A few scheduling quirks helped shore up broadcast ratings in November, as a late finish to the 2015 Major League Baseball season and a Nielsen calendar shift kept the Big Four networks from losing ground.
According to the latest batch of Nielsen C3 data, prime-time broadcast deliveries were flat when compared to November 2014, marking the first time in 20 months the networks did not post organic year-over-year declines. Per the data, in the currency that advertisers care about, ABC, CBS, NBC and Fox last month notched an aggregate average draw of 10.3 million adults 18-to-49, or a 2.1 C3 rating when divided among the four nets.
NBC led the way with a 2.7 C3 demo rating, up from a 2.6 during the year-ago period. That 2.7 rating also represents a 17% lift when compared to the 2.3 NBC averaged last month in live-plus-same-day. The network's biggest gainer upon conversion from live to C3 is "Blindspot," which also happens to be the most-watched show on Comcast's ad-friendly Xfinity on Demand VOD service.
Fox, which did most of the heavy lifting, averaged a 2.0 in the so-called dollar demo, up 25% versus last November's 1.6 rating. Chalk up the big gain to the unique composition of the broadcast calendar, which pushed all five of Fox's 2015 World Series games into the penultimate month. (As defined by Nielsen, November was a five-week affair, running from Oct. 26 through Nov. 29, coinciding with Weeks 6 through 10 of the 2015-16 broadcast season.)
Shifting "Empire" to the fall also had a salubrious impact on Fox's November ratings performance. The four episodes of the hip-hopera that aired last month quadrupled the meager 0.9 rating eked out by the year-ago time slot occupant "Red Band Society."
CBS was flat with a 1.8 C3 rating among adults 18-to-49, while ABC brought up the rear with a 1.7, down from a year-ago 2.0. ABC was hampered by significant declines at a number of its 10 p.m. shows ("Castle," "How to Get Away with Murder," "Nashville") and a freshman flop ("Wicked City") that further destabilized the final hour of its Tuesday night lineup.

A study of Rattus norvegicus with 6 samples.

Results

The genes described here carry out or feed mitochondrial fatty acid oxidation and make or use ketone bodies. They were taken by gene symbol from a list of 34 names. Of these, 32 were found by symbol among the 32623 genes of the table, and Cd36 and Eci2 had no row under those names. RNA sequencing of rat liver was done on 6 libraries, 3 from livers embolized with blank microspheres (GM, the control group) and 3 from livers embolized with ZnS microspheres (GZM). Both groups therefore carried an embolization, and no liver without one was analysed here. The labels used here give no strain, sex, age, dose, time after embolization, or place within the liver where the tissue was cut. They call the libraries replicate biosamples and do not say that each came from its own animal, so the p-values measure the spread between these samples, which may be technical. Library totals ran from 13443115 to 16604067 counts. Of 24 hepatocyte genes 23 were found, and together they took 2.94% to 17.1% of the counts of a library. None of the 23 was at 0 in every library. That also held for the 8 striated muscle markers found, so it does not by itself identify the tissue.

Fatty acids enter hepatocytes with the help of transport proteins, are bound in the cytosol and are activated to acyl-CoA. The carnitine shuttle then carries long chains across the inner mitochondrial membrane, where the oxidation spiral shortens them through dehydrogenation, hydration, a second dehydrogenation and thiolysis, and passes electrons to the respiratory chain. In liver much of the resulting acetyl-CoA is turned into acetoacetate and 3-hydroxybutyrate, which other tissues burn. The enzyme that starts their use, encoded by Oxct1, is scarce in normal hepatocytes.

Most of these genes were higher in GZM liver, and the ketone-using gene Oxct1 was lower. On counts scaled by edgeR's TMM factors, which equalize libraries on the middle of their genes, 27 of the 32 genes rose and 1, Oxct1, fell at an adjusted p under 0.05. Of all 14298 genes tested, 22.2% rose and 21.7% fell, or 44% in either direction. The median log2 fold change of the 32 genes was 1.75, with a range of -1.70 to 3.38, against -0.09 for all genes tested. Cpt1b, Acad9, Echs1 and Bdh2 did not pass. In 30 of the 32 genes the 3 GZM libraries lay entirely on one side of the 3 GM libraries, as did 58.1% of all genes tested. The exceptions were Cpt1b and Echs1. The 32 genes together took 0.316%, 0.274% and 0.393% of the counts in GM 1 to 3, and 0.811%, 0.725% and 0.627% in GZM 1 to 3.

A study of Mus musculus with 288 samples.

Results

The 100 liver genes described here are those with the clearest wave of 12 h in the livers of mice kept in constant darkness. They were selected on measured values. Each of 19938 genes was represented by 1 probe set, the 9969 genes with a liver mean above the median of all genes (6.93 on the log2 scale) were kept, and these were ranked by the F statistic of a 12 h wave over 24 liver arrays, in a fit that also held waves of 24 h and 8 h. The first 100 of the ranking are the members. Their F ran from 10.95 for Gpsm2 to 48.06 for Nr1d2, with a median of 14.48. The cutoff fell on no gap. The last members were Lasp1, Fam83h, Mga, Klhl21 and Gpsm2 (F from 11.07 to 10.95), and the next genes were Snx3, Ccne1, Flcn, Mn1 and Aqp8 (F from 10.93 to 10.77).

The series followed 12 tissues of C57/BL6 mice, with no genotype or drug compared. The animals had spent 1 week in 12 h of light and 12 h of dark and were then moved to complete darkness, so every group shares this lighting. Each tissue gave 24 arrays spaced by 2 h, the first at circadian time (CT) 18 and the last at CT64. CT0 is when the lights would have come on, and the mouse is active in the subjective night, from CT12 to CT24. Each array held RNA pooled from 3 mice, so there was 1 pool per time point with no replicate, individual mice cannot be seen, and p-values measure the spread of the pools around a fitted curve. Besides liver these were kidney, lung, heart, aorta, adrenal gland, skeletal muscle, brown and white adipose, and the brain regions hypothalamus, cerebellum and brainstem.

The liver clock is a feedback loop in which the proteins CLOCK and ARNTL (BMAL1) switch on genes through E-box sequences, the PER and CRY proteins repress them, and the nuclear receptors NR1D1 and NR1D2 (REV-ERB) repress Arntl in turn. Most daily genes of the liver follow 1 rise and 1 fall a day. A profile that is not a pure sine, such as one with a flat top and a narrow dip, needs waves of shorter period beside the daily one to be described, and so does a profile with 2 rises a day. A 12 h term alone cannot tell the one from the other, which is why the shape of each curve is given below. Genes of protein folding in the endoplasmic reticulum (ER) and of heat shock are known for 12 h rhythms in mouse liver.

About that scatter surge...
Broadcast scatter dollar volume was up 44% in November, according to Standard Media Index estimates, as the time-honored dynamics of supply and demand did their sweaty little tango on ad buying close to air dates, as opposed to the upfront. Although some news outlets are treating this entirely predictable phenomenon like it's V-E Day and they're looking for a nurse to kiss, it's no surprise and less impressive than it might seem. The networks have had to give away airtime in order to make up for shortfalls in the ratings they guaranteed back in the upfront. These makegoods, or audience deficiency units, have put such a squeeze on available inventory that pricing is predictably inflated.
November's ratings results once again put the lie to the ongoing sabre rattling about the inadequacies of reporting live-plus-same-day data. While the L+SD ratings leave off a great deal of time-shifted viewership, the early numbers remain statistically of a piece with the C3 currency. Only two-tenths of a point separated the Big Four's average L+SD draw (1.9) from the C3 average (2.1), which is consistent with a longstanding pattern. And while we've seen a handful of individual shows win back significant commercial impressions in playback -- primarily in VOD platforms that don't allow for ad skipping -- to say that L+SD isn't largely congruent with the currency is to traffic in self-delusion.
With the obligatory currency rant out of the way, there's not much room to try and put a positive spin on the ad-supported cable numbers, which continue to wither under the pressure of over-the-top services and an ongoing migration of younger viewers to unmeasured platforms. Cable C3 ratings fell 8% in prime-time and were down 9% in total day, marking the sector's 18th consecutive monthly drop.
Only two cable portfolios demonstrated year-over-year prime-time growth in C3, as the Turner Broadcasting nets were up 7% among adults 18 to 49 with a 2.1 rating and Scripps Networks grew 4% to a 0.8. Turner got a big boost from Adult Swim, which among individual cable channels posted the strongest year-over-year gains.
AMC Networks slipped 5% to a 0.9, as the five November installments of the flagship channel's "The Walking Dead" were down 9% versus their year-ago analogues. Fox's cable stable fell 7% to a 1.2, Discovery Communications dropped 8% to a 1.4, and Viacom, the ratings point leader with an aggregate 2.1 in the demo, was down 10%.
NBC Universal cable outlets fell 10% to a 1.7 in the demo, Walt Disney Co.'s brands were down 17% to a 1.5, and A&E Networks plummeted 20% to a 0.9.
Cable scatter was up 24% in November, per SMI. Unlike upfront buys, no ratings guarantees are made for inventory bought in the scatter market.